Last month, Democratic donors began to eye and even outright declare for California Sen. Kamala Harris, California’s former attorney general who is currently a fierce advocate for health care, women’s rights, and criminal justice reform. But over the past week, a report about hostility toward Harris from Bernie Sanders supporters began to circulate on Twitter with mixed responses.
The gist of the Mic report is that Bernie supporters don’t like her record of accepting contributions from big donors — they didn’t like it with Hillary, and they don’t like it with Harris.
Harris has called health care “a right, not a privilege,” but has yet to come out endorsing universal health care; she’s called for tuition-free community college but doesn’t seem quite ready to go the Bernie Sanders route and broadly call for tuition-free public education.
Of course, this isn’t exactly unreasonable — a golden rule of politics is to avoid making promises you don’t know you’ll be able to deliver on, but the promise to fight for universal health care or fight for tuition-free public education is probably what Sanders supporters are looking for.
But what’s rubbing a lot of left activists the wrong way is her past as a prosecutor. Harris herself may be an African-American woman, but the African-American community and black activists are justifiably hostile to prosecutors — consider the War on Drugs, police brutality, mass incarceration, etc.
A cursory search of Harris’s record indicates that it’s somewhat mixed. She’s fought for-profit colleges, stood steady against bans on gay marriage, and worked to pass reforms to fight recidivism, but she’s also opposed private investigations of police officers and been criticized in delays for confiscating firearms from dangerous citizens and, as district attorney, Harris has also been hit with accusations of lack of transparency by a Superior Court judge.
But Harris has spoken vocally against the War on Drugs, calling it an abject failure, and measures taken by attorney general Jeff Sessions to crack down on drug possession. In 2015, she introduced a program meant to help first-time, nonviolent drug offenders with education and life skills training. Presently, she’s working on legislation to improve conditions for incarcerated pregnant women, and bipartisan bail reform to reduce jail populations.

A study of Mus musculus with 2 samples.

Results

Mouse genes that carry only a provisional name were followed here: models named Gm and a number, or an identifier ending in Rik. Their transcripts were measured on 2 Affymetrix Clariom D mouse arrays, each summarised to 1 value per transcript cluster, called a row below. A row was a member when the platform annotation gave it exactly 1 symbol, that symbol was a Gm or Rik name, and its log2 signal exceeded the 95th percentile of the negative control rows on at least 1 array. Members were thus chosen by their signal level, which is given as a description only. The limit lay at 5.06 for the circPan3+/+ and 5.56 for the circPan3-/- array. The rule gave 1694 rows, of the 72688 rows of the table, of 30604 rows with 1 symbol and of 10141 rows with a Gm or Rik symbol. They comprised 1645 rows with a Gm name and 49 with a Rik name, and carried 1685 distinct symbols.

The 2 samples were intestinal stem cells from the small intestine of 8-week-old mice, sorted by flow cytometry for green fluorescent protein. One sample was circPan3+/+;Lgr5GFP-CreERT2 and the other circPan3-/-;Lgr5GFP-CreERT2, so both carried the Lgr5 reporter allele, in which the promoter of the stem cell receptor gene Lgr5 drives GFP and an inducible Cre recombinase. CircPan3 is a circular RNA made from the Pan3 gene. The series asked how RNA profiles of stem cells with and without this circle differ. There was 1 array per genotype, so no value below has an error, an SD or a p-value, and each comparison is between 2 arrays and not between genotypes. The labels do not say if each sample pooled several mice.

Others on Twitter are calling harsh far left criticism of Harris gendered, and a reflection of some Bernie supporters’ flat unwillingness to support a woman. Harris is imperfect, but perhaps on some level it’s fair to say that the only reason this imperfection matters is that we demand the perfection of and allow no room for mistakes for women in positions of power.
In either case, on a personal note, I find Harris authentic and likable, with a unique personal story and background, and firm convictions on as well as pragmatic ideas about how to protect civil, women’s and LGBT rights. My only concern is that she’s previously, decisively thrown herself in the “social issues are divisive, Democrats should stay away from identity politics” camp, a dangerous zone that’s recently, increasingly led Democrats to support candidates who oppose abortion and could be a slippery slope leading to a number of other compromises on human rights.
“[W]hen we wake up at 3 in the morning or something is troubling us, it is never through the lens of … our identity based on what other people have decided is our identity,” Harris told the Los Angeles Times in an April interview.
Matters of identity directly affect matters of economic security, and on issues regarding fundamental rights, no lawmaker claiming to be progressive should ever compromise, or suggest that compromise on these issues is OK.
It’s not too early to say that Kamala Harris is increasingly becoming a Democratic party star, and a potential presidential candidate — it’s just a bit early to say whether she’ll be the champion progressives should start rallying for.
This is an opinion piece. The views expressed in this article are those of just the author.